Paint can stick to most surfaces, even varnished pine, as long as steps are taken to adequately prepare the area beforehand. Paint adheres best to rough materials because they offer better bonding, but varnished surfaces are smooth, glossy and slick, so sanding and elbow grease are necessary to prime these types of surfaces to receive a new coating. Take the time to prep your surface appropriately for the best, most professional results.
Sand the varnished pine with 180-grit sandpaper. Use enough pressure to scuff the surface lightly, but not so much that you remove the varnish entirely. Sand the entire piece evenly, until the original shine is dulled and a light, greyish dust coats the surface.
Wipe the surface with a tack cloth to remove the sanding dust. Turn the cloth frequently to keep a clean area against the surface of the item.
Coat the piece with oil-based, stain-blocking primer, following the manufacturer's instructions and applying an even coat with a paintbrush. Allow the primer to dry completely.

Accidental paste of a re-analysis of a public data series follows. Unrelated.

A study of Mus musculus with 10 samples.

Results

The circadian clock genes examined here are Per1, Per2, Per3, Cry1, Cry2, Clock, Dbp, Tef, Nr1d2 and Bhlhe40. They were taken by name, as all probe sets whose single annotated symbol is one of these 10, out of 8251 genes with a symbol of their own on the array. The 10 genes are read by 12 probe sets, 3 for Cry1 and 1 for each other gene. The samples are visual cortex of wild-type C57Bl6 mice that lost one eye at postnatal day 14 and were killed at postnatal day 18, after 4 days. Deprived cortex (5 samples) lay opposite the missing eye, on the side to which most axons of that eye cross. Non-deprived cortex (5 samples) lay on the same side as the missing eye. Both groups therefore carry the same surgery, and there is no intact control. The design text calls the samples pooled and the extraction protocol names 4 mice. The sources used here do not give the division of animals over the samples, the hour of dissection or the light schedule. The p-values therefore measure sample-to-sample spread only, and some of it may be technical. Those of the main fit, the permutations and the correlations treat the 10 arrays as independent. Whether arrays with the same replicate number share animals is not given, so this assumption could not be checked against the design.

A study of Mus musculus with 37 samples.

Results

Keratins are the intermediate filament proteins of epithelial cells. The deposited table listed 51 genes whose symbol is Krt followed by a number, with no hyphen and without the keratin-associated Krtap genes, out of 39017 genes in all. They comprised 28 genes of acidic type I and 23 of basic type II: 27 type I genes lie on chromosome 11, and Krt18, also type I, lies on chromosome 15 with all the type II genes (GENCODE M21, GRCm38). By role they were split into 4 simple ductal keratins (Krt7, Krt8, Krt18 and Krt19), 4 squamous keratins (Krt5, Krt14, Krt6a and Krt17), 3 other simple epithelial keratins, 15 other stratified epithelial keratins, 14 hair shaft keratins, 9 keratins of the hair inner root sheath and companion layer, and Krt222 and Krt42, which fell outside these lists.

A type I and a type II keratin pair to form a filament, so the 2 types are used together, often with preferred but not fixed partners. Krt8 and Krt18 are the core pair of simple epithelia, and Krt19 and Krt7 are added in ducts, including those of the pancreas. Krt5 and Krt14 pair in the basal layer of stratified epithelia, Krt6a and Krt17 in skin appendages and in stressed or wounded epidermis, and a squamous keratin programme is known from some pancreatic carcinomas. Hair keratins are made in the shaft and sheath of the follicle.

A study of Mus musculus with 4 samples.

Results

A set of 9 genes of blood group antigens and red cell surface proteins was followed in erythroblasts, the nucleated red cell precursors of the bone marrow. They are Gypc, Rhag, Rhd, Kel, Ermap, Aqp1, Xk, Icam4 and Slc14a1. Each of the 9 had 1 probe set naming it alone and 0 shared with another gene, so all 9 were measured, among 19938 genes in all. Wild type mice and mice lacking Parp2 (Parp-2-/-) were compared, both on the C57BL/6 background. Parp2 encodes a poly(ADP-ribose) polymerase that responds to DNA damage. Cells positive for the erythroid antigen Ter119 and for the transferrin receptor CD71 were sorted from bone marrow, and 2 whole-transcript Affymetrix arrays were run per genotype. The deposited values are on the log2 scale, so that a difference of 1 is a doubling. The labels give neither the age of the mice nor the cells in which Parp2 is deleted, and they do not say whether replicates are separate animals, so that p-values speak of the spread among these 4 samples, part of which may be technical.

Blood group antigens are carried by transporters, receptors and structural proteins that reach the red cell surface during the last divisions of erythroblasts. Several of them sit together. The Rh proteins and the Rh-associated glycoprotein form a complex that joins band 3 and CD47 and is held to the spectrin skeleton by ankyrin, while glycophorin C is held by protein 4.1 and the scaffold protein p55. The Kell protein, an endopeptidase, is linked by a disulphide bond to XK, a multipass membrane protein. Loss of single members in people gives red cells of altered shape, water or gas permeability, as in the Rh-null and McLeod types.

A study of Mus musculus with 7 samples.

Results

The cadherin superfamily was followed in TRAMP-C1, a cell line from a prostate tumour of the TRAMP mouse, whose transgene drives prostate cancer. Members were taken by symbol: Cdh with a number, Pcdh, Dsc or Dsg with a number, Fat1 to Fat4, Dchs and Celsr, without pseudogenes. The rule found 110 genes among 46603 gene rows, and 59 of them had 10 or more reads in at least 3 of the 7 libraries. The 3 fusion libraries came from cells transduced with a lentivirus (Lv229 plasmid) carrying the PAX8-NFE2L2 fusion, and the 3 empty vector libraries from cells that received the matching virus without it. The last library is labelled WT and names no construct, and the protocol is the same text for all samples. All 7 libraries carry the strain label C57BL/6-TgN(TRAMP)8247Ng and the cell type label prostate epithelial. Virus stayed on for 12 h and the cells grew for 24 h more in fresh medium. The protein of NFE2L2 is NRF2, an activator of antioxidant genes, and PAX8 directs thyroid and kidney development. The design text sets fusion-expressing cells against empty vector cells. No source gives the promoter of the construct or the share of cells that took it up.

Sand the primed surface with 180-grit sandpaper very lightly, just enough to roughen it slightly. Use a tack cloth to wipe the dust created by the sanding from the piece.
Coat the primed surface with oil-based paint and the paintbrush using long, even strokes. Allow to dry and add a second coat if primer shows through the first coat or if the coat is uneven.
Oil-based primers work best on previously varnished surfaces. The primer will bond to the sanded varnish and provide an excellent base for the finish coat while holding back stains and blemishes that may try to bleed through.
Tips and warnings
- Oil-based primers work best on previously varnished surfaces. The primer will bond to the sanded varnish and provide an excellent base for the finish coat while holding back stains and blemishes that may try to bleed through.